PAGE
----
Don Cherry likes the new Winnipeg Jets logo, and so will other Conservatives and all boosters of a more aggressive and interventionist Canadian foreign policy.
The logo was designed in consultation with the Canadian Forces. The main image is very similar to the roundel of the Royal Canadian Air Force (RCAF)—a blue circle with a red maple leaf in the centre—except they have added a silver fighter jet over top the leaf and a thin silver outer circle. The Jets’ owners, True North Sports and Entertainment, will pay $1 million to military charities over the next 10 years.
The long-awaited return of NHL hockey to Manitoba will now double as priceless PR for the Canadian Forces—better than the biggest-budget recruiting ad campaign you could imagine.
NHL hockey, and especially CBC’s Saturday flagship Hockey Night in Canada, has in recent years increasingly become a key booster of Canada’s war in Afghanistan and militarism in general. The low point came on Christmas Day 2010, when Cherry visited a Canadian Forces base in Kandahar with Defense Minister Peter MacKay. Cherry actually launched a live artillery shell, joking, “Taliban, here I come.” MacKay cheered him on: “Don, this is a different type of ”˜He shoots, he scores.’”
The Coach was never reprimanded by the CBC, and he remained in his Corner after this slapshot in the face of Afghans. Partly in response to this episode, Hockey Fans for Peace was formed. As a hockey-fanatic-kid-turned-antiwar-activist, I took part in some of their activities earlier this year, which included leafleting outside of a Canucks game with a very simple message: “We urge the NHL and the mass media to stop using hockey games and broadcasts to promote support for the war.”
The “Winnipeg Fighter Jets” logo opens up new possibilities for this jingoistic mix. Cherry and MacKay will no doubt be reunited in some capacity on opening day in October, and it’s easy to imagine a military fly-over preceding the first puck drop at the MTS Centre.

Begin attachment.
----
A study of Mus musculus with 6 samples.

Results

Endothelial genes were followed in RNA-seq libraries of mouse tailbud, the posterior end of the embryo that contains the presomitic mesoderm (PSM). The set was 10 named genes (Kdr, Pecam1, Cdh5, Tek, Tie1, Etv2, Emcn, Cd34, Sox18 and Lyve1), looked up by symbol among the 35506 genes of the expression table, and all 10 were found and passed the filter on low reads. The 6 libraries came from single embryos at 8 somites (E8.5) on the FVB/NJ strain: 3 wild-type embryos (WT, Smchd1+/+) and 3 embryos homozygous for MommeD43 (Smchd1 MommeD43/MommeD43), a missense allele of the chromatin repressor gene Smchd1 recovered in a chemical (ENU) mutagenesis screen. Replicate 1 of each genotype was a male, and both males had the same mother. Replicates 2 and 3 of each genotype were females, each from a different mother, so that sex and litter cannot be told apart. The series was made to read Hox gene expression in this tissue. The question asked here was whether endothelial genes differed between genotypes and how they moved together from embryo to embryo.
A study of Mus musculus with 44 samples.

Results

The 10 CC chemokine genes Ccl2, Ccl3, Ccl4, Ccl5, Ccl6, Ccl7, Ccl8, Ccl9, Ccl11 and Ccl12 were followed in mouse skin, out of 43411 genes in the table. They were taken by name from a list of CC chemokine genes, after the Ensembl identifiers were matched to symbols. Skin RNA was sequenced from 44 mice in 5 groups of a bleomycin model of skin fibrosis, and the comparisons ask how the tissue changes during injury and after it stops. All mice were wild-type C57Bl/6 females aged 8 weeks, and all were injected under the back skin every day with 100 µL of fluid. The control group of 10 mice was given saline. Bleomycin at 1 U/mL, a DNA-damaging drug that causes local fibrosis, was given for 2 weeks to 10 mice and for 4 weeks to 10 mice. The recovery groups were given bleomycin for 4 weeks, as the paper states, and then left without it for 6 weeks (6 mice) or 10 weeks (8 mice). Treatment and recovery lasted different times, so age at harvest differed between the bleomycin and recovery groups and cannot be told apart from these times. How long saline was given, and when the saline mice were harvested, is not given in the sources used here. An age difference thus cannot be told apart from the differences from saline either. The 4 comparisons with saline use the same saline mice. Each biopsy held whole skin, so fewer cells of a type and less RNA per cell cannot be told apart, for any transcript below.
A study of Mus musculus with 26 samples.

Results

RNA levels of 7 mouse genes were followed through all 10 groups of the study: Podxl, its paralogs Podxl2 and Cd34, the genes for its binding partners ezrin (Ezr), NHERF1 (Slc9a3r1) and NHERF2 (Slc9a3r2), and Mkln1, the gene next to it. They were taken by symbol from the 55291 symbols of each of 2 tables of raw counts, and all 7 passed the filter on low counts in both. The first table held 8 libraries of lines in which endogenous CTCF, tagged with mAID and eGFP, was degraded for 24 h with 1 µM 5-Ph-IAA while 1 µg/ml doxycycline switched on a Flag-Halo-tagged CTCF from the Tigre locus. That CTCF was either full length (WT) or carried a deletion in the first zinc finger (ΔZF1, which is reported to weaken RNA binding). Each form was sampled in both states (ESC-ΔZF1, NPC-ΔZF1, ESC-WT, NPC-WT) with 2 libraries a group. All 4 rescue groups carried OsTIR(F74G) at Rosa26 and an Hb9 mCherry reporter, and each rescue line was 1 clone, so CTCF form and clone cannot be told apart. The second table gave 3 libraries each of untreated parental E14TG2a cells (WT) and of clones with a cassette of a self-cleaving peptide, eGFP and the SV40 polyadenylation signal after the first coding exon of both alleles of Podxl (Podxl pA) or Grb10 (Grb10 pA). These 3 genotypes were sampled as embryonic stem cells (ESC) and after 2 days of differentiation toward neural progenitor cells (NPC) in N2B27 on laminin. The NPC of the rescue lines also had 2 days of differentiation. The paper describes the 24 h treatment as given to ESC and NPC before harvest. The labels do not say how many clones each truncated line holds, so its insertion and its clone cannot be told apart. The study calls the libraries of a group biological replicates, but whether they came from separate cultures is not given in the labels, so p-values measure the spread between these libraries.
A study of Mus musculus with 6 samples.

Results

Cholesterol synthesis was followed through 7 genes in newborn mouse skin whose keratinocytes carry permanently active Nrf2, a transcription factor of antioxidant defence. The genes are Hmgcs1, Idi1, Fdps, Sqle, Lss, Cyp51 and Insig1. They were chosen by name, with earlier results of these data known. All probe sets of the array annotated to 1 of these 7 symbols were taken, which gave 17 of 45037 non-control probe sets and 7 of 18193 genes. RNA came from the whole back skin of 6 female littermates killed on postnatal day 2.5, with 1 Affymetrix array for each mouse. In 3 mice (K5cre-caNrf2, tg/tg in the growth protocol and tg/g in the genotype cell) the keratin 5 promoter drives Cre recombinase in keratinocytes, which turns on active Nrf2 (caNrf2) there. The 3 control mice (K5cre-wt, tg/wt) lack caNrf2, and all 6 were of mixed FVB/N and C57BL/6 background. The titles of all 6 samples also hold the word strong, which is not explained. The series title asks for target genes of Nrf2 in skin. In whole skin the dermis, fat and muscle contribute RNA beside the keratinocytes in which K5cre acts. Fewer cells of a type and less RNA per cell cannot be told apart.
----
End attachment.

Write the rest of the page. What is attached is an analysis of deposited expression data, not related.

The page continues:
Like with the 2010 Olympics gear, the new Jets logo also bears a pretty close resemblance to the logo of the Conservative Party of Canada. Pure coincidence, I’m sure.
The fighter jet over the maple leaf is a fitting symbol for the Stephen Harper era. Not only did he manage to win a majority government while promising to spend untold billions on a new generation of F-35 bombers, but he has also presided over a steadily creeping militarism throughout Canadian society.
Harper has kept pushing a mini “culture war” on this front in part due to weak opposition. Too many who know better are silenced by facile and transparent rhetoric about “not supporting the war, just supporting the troops”. (On cursory inspection, this is an empty cliché. Don Cherry, for instance, rarely devotes airtime to supporting U.S. war resisters, mourning Afghan civilians, or critiquing the government for its woeful neglect of veterans suffering PTSD).
The Conservatives’ militaristic drive can only succeed in the absence of oppositional political courage, since despite everything polls consistently show that Canadians are wary of overseas wars and dubious about military hardware spending that could be redirected to other uses.
Taking a longer historical view, the new logo can likewise be seen as symbolic of the new Conservatives’ ascendancy. The fighter jet depicted on the logo is a CF-18. Back in 1986—when Dale Hawerchuk was busy racking up 100-point seasons—then Tory prime minister Brian Mulroney awarded a lucrative 20-year CF-18 maintenance contract to a Quebec-based company instead of Bristol Aerospace in Manitoba.
The CF-18 snub fueled a surge in western alienation, and a young Preston Manning seized the moment to form the Reform Party of Canada.
Having emerged from that movement, Stephen Harper now holds government with a re-founded Conservative Party. The re-founding of the Winnipeg Jets means that there are now more NHL teams in the Canadian West than in the rest of Canada (although the Jets will, for now, keep the Atlanta Thrashers’ spot in the NHL Eastern Conference’s Southeast Division). Harper has a majority government despite being almost shutout in Quebec. He did not even feel compelled to offer federal money for a popular effort to bring back the Quebec Nordiques NHL franchise.
As a hockey logo, I’d give the Jets redesign a fail. It might have better luck passing as a symbol for Harper’s Canada in general. If that hockey book the media loves to tell us he’s writing ever goes to print, the prime minister can put the new Jets’ logo on the cover.
The fighter jet on top of the maple leaf: with Harper at the controls, that’s a pretty honest picture of this country’s priorities and of its role in world affairs.